When Dagmar Knudsen says she has to run, she means it literally.
She runs before work, after work and to work if the weather permits. After a long flight, the itch to move is so powerful she's been known to dump her luggage in a taxi and head off on foot to her hotel. She's run a marathon in every state and is working her way through the continents, plus the North Pole. If there were a marathon on the moon, she'd be game.
"I work and I run. That is all that I do," Knudsen said.
Obsession and running often go hand in hand. Marathon runners are rarely athletic dilettantes. Conditioning the body to withstand the rigors of a run that lasts hours demands an extreme time commitment and powerful self-discipline. "Personal best" is a constantly moving target.
Knudsen, it seems, is in it more for the mileage. If there were a frequent-flyer club for runners, she'd have earned her wings.
"Gasoline is expensive, and I would not use a car unless I had to. I'd use it once a month, maybe. I'd rather run," the 52-year-old said.
Knudsen grew up overseas, the daughter of a half-German, half-French mother and a stepfather who worked for the Danish Embassy. The family moved frequently and Knudsen attended schools in Denmark, Poland and Japan, among other nations. She credits those early years for instilling what became a lifelong peripatetic urge.
"My mom didn't like it. Apparently, I did because I'm still on the go," said Knudsen, who blames all those moves for her accent, "which no one can ever guess."
When she relocated to Colorado Springs in 2001, her passion wasn't running but taekwondo, a sport she began as a "fun way to stay fit" after a studio opened near her Bristol, Conn., home. She'd always run, and had once even set her sights on running the Hartford Marathon, but she didn't consider it her thing. In the Springs, that once supplemental activity quickly became her focus. The scenery and climate were too perfect; to not run would have been a crime.
Plus, she liked the effect it had on her brain. "Eventually, you stop thinking. Nothing else exists. It's kind of neat," she said.
On the days she would bike to her job as a cardiology technician at University of Colorado Health at Memorial Hospital, she would run home. The next day, she'd swap. By the time a co-worker suggested the two train together for the New Denver Half Marathon, Knudsen was running 10 miles a day.
"A half marathon wasn't really a challenge," she said, and told her friend: "You do the half. I'll go for the full thing."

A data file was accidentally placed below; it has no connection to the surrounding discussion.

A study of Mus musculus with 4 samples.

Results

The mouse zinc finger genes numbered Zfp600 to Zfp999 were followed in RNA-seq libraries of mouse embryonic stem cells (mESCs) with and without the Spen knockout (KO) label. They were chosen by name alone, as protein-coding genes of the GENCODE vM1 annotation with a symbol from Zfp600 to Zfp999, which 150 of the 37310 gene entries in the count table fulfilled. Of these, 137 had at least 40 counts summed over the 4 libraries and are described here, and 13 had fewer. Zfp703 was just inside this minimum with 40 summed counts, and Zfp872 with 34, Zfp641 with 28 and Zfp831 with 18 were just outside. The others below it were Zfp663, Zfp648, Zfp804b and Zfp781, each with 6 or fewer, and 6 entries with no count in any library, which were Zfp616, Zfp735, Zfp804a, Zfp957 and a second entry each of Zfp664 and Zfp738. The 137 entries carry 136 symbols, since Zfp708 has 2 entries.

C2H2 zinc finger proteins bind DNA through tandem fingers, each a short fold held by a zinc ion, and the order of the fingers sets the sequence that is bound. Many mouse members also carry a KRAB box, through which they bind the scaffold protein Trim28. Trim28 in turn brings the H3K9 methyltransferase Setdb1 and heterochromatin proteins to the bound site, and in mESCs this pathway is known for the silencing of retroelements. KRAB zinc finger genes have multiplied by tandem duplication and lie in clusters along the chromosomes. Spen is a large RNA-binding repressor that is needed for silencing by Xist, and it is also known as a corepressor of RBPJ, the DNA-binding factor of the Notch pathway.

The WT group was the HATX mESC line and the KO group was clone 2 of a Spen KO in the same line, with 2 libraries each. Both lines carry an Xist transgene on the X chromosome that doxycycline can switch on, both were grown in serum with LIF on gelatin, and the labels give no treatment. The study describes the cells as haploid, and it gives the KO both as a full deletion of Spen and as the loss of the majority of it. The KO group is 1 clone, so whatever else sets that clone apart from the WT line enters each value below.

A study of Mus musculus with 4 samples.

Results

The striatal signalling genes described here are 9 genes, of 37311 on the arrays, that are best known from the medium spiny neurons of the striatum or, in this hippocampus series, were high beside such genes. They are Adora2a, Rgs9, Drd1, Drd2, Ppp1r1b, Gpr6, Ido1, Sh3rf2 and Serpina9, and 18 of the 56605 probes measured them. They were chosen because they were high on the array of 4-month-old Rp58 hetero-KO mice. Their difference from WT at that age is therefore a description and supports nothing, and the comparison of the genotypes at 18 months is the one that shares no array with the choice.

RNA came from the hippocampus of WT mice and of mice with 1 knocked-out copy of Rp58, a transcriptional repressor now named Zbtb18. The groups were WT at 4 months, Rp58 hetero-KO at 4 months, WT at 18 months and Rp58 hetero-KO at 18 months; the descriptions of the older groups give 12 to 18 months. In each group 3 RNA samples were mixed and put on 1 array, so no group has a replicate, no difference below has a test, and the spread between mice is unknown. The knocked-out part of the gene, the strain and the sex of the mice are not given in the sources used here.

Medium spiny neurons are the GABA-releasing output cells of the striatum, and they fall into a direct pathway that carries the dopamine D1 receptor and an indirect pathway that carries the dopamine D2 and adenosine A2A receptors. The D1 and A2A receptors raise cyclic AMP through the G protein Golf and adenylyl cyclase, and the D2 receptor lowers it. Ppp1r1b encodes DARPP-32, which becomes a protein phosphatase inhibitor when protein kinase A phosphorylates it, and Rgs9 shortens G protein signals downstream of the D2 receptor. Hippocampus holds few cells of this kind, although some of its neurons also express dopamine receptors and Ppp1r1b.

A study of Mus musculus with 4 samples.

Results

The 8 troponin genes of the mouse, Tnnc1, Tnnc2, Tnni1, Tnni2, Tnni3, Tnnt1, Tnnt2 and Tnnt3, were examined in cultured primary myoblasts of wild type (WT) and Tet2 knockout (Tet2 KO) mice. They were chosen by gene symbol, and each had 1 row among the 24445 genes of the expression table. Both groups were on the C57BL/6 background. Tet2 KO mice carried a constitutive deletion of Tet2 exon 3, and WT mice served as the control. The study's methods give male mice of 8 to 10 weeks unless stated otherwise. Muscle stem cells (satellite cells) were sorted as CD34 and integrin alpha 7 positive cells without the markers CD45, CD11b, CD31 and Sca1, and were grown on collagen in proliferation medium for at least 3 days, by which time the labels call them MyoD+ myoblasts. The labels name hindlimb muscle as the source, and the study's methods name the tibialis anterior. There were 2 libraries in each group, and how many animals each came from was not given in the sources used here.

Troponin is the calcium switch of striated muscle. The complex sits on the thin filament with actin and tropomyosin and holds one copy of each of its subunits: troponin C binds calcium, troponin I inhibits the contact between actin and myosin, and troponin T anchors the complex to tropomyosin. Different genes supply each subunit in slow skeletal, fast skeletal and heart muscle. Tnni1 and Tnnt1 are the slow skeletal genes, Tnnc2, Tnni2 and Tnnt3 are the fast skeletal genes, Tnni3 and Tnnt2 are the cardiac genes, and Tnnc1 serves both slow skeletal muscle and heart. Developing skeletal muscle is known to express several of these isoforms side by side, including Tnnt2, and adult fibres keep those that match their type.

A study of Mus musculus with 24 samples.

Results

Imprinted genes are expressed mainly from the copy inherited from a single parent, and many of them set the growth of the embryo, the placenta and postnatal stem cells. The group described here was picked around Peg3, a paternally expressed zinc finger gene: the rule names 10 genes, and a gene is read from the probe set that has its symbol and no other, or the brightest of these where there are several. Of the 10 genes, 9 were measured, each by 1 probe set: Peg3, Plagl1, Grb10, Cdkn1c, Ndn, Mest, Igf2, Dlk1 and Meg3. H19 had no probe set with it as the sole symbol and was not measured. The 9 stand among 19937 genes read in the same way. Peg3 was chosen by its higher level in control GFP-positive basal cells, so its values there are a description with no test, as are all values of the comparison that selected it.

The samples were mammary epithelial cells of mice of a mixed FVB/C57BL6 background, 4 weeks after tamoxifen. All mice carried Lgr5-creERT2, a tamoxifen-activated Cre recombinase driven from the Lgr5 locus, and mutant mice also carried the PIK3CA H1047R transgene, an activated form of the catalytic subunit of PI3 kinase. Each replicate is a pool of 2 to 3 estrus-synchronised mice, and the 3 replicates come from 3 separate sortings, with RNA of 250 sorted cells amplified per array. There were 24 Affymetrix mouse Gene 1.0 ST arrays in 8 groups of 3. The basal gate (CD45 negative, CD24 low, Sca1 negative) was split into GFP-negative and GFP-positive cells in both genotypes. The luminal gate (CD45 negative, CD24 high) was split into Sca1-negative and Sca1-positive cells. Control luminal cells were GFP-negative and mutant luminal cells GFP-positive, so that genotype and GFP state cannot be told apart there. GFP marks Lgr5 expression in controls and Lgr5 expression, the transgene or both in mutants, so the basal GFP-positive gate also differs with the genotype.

She figured she knew what she was in for even though she'd never run close to 26.2 miles.
"I was still very innocent at that point," she said.
To get the lay of the land, Knudsen signed up for the 2008 American Discovery Trail Marathon in the Springs. It was the first time she ever had run more than 13 miles.
"It was hard," she said. "I ran the first 20 and had to walk the last 6 miles. I always laugh because I thought then, 'If I die now at least I don't have to finish the race.'"
The next day, her attitude was different. She actually was looking forward to the upcoming Boulder marathon.
"I knew I needed to run Denver and I needed another long training run," she said. "I used marathons as my training at that time."
By the time she crossed the finish line in Denver, with a time of 5 hours, 2 minutes, she had set a goal to run a marathon a month.
"Everybody said I wouldn't sustain such heavy training," she said. They were wrong. Through the summer of the following year, she did just that. Then came a half-marathon, which broke the streak.
"That's why now, I don't run anything less than 26.2 miles," she said.
She then stepped it up to two marathons a month - a pattern that went uninterrupted up until 2012 and emergency gallbladder surgery.
"If they'd let me out of the hospital, I would have run," she said, and laughed. "It messed up my plans."
Running two marathons a month means traveling to where the marathons happen, chasing the weather around the continent. She ran the Mayor's Marathon in Anchorage in June. She ran five marathons in three days in San Antonio. In December, she ran barefoot on the beach while in Hawaii for the Honolulu Marathon, and then she called it mission accomplished.
"Here ends my quest for 50 states plus D.C. That was fun. Let's do it again," she said.